John Cage answers 19 questions on a variety of subjets using chance operations to determine the duration of his answers. From the film ‘From zero’, by Frank Scheffer.

“Rufen bis zur Erschöpfung (Calling to the Point of Exhaustion)”, 1972 by Jochen Gerz.


“Machine with concrete”, 1992 by Athur Ganson. The speed at which the cogwheels turn is slowed down by 12 pairs of reductors. The last cogwheel needs two trillion years to complete one rotation (video).

“Cheese”, 2000 by Christian Moeller. On camera, six actresses each try to hold a smile for as long as they could, up to one and half hours. Each ongoing smile is scrutinized by a emotion recognition system and whenever the display of happiness fell below a certain threshold, an alarm alerted them to show more sincerity.


»Landing Pattern LGA« by Kevin Cooley.


»Screen Burn (please wait)«, 2005. Steven Read wrote a software program in Apple II Integer Basic that displays an image on the monitor’s screen. Then he ran the program continuously for about 6 months. The software image was eventually burned into the screen because the internal phosphor compounds which emit light lost their luminosity and left behind a ghostly trace. The ‘please wait’ text is actually an image which took over 1000 lines of software code to create. The old Apple II operating systems (DOS 3.x, ProDOS, etc.) did not come with any font facilities, if you wanted a font you had to code it from scratch.


»Two Keystoned Projectors (one upside down)« (2007) and


»Panasonic TH42PV60 Plasma Screen Burn« (2007) by Cory Arcangel at Galerie Guy Bärtschi.


“Crema” – Nezaket Ekici turns fluidly cream to butter. Duration of the performance: 20 min.


»HUO Drawings«. In spring of 2003 Charles Gute had the privilege of proofreading Hans Ulrich Obrist’s Interviews: Volume 1. With an awareness of the author’s art world stature, paired with a name that seems to have a greater-than-average vulnerability to typographic inconsistency, these drawings were created as a kind of cathartic antidote.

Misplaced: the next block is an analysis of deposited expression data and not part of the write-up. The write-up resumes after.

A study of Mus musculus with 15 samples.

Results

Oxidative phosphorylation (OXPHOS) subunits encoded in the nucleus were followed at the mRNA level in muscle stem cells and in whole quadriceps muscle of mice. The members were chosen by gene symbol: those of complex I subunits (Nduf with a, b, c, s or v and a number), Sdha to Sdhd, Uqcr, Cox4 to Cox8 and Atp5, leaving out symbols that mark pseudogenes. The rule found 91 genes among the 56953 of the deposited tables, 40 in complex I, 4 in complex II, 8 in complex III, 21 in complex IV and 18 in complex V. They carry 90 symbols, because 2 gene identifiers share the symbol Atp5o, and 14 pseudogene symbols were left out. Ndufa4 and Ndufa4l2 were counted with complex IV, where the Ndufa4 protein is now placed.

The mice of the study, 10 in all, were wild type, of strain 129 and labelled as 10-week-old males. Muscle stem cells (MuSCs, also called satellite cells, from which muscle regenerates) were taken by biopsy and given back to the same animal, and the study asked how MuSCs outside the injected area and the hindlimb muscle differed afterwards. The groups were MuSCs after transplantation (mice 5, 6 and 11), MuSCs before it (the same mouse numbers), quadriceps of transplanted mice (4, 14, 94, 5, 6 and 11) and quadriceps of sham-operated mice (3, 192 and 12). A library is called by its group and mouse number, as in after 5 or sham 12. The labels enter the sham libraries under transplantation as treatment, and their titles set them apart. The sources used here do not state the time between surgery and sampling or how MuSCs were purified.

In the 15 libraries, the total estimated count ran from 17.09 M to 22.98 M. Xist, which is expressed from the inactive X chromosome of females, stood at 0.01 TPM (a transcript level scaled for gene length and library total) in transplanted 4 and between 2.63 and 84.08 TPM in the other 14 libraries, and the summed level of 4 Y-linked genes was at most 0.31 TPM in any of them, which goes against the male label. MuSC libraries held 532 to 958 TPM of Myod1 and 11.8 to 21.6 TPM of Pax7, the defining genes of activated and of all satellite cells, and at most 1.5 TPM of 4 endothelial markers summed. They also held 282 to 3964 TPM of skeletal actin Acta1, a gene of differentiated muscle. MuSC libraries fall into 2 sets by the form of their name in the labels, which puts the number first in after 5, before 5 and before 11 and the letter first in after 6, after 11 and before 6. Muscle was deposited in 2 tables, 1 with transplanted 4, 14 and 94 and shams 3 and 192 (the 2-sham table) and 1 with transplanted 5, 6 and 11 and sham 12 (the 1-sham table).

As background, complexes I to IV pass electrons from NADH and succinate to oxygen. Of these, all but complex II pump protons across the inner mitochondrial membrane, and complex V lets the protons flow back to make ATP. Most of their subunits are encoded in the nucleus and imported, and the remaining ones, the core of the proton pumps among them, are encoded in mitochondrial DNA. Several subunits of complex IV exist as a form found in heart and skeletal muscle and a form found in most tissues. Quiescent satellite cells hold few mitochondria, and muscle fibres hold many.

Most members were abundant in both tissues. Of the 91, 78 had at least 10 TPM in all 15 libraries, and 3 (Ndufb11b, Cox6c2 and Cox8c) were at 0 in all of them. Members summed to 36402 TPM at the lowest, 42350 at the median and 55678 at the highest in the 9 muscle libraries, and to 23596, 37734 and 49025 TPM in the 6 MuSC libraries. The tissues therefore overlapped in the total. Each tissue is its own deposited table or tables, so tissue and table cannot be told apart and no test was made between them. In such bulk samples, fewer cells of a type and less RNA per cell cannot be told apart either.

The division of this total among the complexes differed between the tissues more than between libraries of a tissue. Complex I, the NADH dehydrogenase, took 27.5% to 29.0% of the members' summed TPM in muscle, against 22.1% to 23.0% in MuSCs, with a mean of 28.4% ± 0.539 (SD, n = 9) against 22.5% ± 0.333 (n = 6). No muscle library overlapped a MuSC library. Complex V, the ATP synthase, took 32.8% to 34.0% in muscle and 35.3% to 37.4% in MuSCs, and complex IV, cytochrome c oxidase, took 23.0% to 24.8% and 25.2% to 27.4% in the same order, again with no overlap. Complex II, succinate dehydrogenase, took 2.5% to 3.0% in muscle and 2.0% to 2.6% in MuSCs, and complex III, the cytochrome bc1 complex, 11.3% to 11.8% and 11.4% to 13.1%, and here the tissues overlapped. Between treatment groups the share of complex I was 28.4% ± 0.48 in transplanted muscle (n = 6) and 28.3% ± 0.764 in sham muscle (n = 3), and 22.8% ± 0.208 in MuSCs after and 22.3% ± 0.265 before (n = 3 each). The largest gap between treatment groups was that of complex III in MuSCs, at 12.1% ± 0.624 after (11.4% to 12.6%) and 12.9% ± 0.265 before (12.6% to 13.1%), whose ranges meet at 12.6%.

duct1 copy.jpg

»Dutch Tape Funeral March (Marcia Funebre from Symphony No. 3, “Eroica”)«. The work consists of 13 rolls of duct tape initially placed at the top of the 16-foot-high gallery wall. On the day of the opening the rolls of tape were released so that they could “roll” down the wall under their own weight, a process that took over 8 hours to complete. As the tape reached mid-wall, viewers were able to see that there was a continuous strip of sheet music attached to the adhesive side of each roll. This sheet music was an actual transcription of the second movement of Beethoven’s Third Symphony, also known as the “Funeral March,” the linear length of which had been scaled to fit the 16-foot span from ceiling to floor. One of each of the 13 orchestral parts from the original score had been applied to each of the 13 rolls of tape, effecting a kind of super-slow automated performance of Beethoven’s somber work.


»Ant Climb Study #2« (video still) is a perceptual study of duration and movement. Here a live ant climbs the adhesive side of a length of masking tape. Appearing as an abstract mark, the ant’s progress is steady yet nearly imperceptable, akin to the movement of a minute hand on a clock. All projects by Charles Gute.